W&M graduate defeats 11-day ‘Jeopardy!’ champ

NEW YORK (AP/WAVY) — “Jeopardy!” champ Arthur Chu, who won big money while taking heat for his renegade style, has been defeated — and by none other than a William and Mary graduate.

After reigning for 12 days, Chu finished in third place with zero dollars on Wednesday’s edition of the syndicated quiz show. His total winnings were $297,200.

“A great run,” summed up host Alex Trebek.

Chu was unseated by William & Mary Alumna Diana Peloquin of Ann Arbor, Mich., who led for the day with $15,700.

Chu had struggled for much of the show when, in Final Jeopardy, he risked, and lost, his entire day’s bankroll — $6,400 — on the question: “He was the last male monarch who had not previously been Prince of Wales.”

Only Peloquin had the correct response: George VI.

Peloquin was an undergraduate student and synchronized swimmer at the College of William and Mary. A spokesperson for the school, Brian Whitson, released the following statement on behalf of the university Wednesday evening:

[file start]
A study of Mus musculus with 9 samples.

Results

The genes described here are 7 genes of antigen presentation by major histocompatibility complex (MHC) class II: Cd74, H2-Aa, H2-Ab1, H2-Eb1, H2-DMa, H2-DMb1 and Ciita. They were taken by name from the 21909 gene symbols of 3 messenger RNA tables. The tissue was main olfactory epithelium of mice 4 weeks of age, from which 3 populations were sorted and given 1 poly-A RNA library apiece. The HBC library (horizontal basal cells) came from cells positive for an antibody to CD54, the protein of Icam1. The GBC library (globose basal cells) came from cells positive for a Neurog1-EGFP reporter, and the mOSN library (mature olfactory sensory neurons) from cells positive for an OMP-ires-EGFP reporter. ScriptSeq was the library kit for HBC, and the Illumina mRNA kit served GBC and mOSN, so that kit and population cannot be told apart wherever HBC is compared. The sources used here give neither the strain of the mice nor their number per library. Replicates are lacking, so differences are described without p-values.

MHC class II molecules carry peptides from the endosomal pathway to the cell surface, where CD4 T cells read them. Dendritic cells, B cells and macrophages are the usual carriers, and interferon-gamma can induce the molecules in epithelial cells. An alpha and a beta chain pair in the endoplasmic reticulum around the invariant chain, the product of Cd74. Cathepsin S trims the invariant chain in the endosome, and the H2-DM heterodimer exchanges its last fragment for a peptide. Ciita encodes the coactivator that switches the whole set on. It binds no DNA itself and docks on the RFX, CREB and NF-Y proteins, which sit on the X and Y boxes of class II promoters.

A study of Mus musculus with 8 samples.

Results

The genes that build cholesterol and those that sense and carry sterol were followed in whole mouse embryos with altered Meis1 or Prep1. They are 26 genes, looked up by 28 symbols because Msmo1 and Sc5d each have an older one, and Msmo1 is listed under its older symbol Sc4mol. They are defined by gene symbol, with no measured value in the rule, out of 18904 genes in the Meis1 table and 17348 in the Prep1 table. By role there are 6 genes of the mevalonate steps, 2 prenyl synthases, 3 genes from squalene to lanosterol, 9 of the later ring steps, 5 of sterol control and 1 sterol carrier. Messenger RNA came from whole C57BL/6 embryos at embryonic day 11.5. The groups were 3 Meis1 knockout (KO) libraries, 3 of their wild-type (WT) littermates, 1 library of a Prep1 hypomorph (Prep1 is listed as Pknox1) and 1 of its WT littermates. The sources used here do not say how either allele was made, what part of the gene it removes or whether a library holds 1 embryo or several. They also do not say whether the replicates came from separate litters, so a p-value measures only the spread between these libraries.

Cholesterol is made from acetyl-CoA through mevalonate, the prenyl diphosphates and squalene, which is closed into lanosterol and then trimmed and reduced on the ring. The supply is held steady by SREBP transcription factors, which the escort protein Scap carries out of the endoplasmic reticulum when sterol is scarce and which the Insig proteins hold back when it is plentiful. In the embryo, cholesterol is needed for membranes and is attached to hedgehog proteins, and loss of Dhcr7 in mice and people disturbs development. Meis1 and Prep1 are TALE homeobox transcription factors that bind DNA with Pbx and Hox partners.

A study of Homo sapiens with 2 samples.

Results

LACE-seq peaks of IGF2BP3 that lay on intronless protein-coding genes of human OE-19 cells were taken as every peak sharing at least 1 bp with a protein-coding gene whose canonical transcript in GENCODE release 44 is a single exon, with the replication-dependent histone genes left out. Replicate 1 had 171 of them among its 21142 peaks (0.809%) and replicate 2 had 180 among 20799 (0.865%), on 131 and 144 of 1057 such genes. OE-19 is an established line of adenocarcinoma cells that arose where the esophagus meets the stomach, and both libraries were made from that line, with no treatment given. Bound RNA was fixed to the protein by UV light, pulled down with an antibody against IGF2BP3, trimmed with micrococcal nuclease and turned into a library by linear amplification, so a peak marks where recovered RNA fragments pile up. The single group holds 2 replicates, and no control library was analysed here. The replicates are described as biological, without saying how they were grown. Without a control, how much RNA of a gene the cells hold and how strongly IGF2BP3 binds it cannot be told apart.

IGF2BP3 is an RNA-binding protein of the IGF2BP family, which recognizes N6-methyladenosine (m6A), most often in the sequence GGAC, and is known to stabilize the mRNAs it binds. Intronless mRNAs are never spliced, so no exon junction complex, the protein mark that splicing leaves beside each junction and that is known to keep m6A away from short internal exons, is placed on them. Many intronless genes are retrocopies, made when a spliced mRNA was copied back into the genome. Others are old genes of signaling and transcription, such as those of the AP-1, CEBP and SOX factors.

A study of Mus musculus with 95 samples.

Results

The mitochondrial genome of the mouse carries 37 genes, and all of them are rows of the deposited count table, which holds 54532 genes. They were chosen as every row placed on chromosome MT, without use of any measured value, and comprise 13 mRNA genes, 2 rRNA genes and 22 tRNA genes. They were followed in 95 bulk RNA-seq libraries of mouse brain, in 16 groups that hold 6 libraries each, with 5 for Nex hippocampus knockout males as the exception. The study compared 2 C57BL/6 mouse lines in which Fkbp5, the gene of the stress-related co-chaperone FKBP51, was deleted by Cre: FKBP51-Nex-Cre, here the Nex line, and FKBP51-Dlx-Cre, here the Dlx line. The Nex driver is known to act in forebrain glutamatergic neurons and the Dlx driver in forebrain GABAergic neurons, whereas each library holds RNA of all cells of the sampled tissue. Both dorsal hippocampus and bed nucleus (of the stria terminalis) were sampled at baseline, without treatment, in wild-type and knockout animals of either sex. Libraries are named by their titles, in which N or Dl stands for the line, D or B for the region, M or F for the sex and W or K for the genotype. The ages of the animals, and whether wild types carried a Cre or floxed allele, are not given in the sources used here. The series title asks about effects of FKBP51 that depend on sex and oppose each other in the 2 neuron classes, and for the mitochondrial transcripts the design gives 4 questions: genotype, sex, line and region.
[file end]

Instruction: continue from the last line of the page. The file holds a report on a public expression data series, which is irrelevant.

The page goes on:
It’s wonderful news that Diana Peloquin, a William & Mary alumna, is the new Jeopardy! Champion. It’s also fitting that the final category was on British Royalty. That’s a subject we know a bit about at an institution founded in 1693 by Royal Charter. Diana has made her alma mater very proud.

ArthurChu

The 30-year-old Chu, a resident of Broadview Heights, Ohio, has described himself on Twitter as “mad genius, comedian, actor and freelance voiceover artist.”

He applied a “mad genius” approach to “Jeopardy!” brinkmanship. He ditched the time-honored practice of polishing off each category’s questions one by one. Instead, he took a hopscotch approach to his category choices, which tended to keep his opponents off-kilter.

He also concluded that the bottom rows of the game board are most likely to contain the hidden Daily Doubles, and he played accordingly.

Chu’s strategy fueled indignation from “Jeopardy!” traditionalists, who contended that such an aggressive style was somehow unsportsmanlike and exhibited a lack of respect for the game.

Chu “rejected the unwritten rule that the guy or gal with the most facts wins,” said “On the Media” host Brooke Gladstone on an episode of the public radio show last month, “and replaced it with the appalling idea that you can outwit your opponent with the wily application of game theory.”

It was a style much different from that of legendary know-it-all Ken Jennings, who a decade ago set a “Jeopardy!” record with 74 consecutive victories while winning $2.5 million.

Peloquin will compete on the show again Thursday at 7:30 p.m.